Where do you get your everyday protein? I've read something about "protein shakes" has anybody tried them already? Help!
 


I followed my diet for a while and found I got more than enough most days so I never worry about it.

 

 

 

 


I dont have the healthiest diet in the world, but I am happy with what I eat. I do not buy bars or powders. ( i cant afford them anyway)

I get the WHO recommended amount of protien and then some from- peas,beans,seeds/nut butter,bread,pasta,dairy products,rice,produce,boca burgers,and occasional eggs.

FWIW- I am 5'4 and 118lbs. The WHO recommends 46 grams of protien a day for a woman my size, and I find it super easy to meet and exceed that.
 

 


~ Marion Nestle, Ph.D, MPH, Paulette Goddard Professor of Nutrition, Food Studies, and Public Health at New York University (https://twitter.com/marionnestle)


-- http://www.huffingtonpost.com/2014/06/12/eating-too-much-protein_n_5481307.html
(Signs You're Eating Too Much Protein)
 


If you're looking to go veg, but you're worried about getting all the nutrients you need, then maybe have a look at this-

http://www.vrg.org/nutshell/MyVeganPlate.pdf

It's vegan, but vegetarians are allowed to use it too :p I used it as a starting point when I first went vegetarian. I'd also recommend the book Becoming Vegetarian (if you have plans to go vegan after going veg, then the book is doubly helpful because it includes vegan nutrition in there as well).
 


(Sorry, it is in dutch)

bruine bonen
witte bonen
linzen
doperwten
kidneybonen
kikkererwten
kapucijners
adukibonen
sojabonen
limabonen
sperziebonen
pinda's
amandelen
hazelnoten
cashewnoten
macadamianoten
pijnboompitten
pistachenoten
pompoenpitten
paranoten
pecannoten
sesamzaad/tahin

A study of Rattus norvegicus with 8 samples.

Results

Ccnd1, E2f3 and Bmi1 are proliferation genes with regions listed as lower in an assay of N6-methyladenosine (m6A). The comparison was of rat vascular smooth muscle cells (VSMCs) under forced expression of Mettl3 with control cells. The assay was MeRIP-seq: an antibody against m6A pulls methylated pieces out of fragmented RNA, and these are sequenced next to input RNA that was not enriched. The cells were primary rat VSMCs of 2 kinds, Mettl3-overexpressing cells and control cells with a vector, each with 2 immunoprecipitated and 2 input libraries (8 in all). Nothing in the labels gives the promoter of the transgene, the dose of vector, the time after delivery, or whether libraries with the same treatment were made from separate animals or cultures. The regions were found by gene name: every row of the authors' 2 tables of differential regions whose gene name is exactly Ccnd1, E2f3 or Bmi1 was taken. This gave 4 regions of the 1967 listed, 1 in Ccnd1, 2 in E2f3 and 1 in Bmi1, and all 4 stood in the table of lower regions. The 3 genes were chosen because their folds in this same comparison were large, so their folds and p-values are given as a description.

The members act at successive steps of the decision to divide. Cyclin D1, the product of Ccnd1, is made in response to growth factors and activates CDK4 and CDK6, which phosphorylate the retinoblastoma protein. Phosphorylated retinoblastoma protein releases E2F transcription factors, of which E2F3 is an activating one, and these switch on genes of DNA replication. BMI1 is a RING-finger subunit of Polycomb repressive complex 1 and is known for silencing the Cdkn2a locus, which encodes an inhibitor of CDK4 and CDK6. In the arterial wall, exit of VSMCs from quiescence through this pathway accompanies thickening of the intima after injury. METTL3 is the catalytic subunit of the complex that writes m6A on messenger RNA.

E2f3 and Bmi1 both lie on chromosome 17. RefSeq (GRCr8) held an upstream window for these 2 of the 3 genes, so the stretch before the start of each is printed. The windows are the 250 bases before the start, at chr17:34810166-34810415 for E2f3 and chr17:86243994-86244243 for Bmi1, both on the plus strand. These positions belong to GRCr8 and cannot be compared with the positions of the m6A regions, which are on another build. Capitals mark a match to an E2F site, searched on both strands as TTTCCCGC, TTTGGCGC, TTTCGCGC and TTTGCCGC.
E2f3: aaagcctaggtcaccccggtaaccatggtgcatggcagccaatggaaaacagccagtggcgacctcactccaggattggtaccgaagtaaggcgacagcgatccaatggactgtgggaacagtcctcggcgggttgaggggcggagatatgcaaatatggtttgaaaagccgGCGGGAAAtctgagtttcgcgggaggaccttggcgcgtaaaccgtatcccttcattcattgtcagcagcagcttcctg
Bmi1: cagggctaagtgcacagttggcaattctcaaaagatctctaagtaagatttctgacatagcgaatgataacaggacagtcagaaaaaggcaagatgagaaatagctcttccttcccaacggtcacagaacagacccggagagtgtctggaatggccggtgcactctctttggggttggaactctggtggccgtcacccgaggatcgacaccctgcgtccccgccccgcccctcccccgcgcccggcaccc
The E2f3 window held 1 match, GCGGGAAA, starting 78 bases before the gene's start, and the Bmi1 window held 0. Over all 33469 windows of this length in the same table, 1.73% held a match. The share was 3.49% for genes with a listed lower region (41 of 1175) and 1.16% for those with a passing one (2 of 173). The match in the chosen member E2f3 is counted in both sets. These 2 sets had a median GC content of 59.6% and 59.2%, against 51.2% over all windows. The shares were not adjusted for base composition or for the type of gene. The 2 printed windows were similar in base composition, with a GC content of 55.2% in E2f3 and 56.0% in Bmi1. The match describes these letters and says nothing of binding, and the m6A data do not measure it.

walnoten
zonnebloempitten
kokos
lijnzaad
boekweit
couscous
macaroni/spaghetti
zilvervliesrijst
haver
gerst
gierst
tarwe
quinoa (graansoort)
brinta
boerenkool
broccoli
groene kool
spinazie
spruitjes
taugé
savoiekool
zuurkool
peterselie
seitan
tempeh
tahoe/tofu
shiitake
etc.
 
 

Sure, spinach & broccoli are a higher % protein than beef. But you'd need to eat 14lbs of spinach or 9lbs of broccoli per day to meet your caloric needs. It can be tricky to get 50-60g of protein / day unless you have a lot of capacity for insoluble fiber or fall back on carcinogenic soy meats.
 

The point is that other than some fruits, all foods contain protein. Unless you fill up your day with empty calories it really is easy to get 50 grams.
I don;t feel like tracking my last days, but here's a good example of a very typical diet:
http://www.vrg.org/nutrition/protein.php
 

Most people wouldn't JUST eat those two foods to meet their protein needs each day. Soy is obviously not the only source of plant protein. You could easily meet 50 grams or more of plant protein per day without soy (or even gluten) by eating two or three servings of beans, three or four servings of grains (such as quinoa, oats etc), sweet potato, four or five servings of vegetables (in addition to fruits), and a few servings of seeds and/or nuts (and still be within a very reasonable calorie range). If one eats all raw, a blender can make consuming larger amounts of leafy greens, seeds etc easier. Spinach also cooks way down. I ate four packed cups of spinach for dinner the other day as part of a larger meal (that included quinoa, walnuts, and cherries). In less than one minute of light steaming it cooked down considerably. Of course, some people might claim the heat probably destroyed the nutrients in that spinach. Sighs.

You'd think vegans would be dropping dead right and left by now since our diets are so terrible. I don't see that happening though. Goes and gets ready for my daily 1.5 hour workout followed by eight hour work shift and then some errands and maybe a little studying as part of my work training and back on here tonight :).
 

I'm sorry, do you think I meant broccoli and spinach are the only foods we can eat?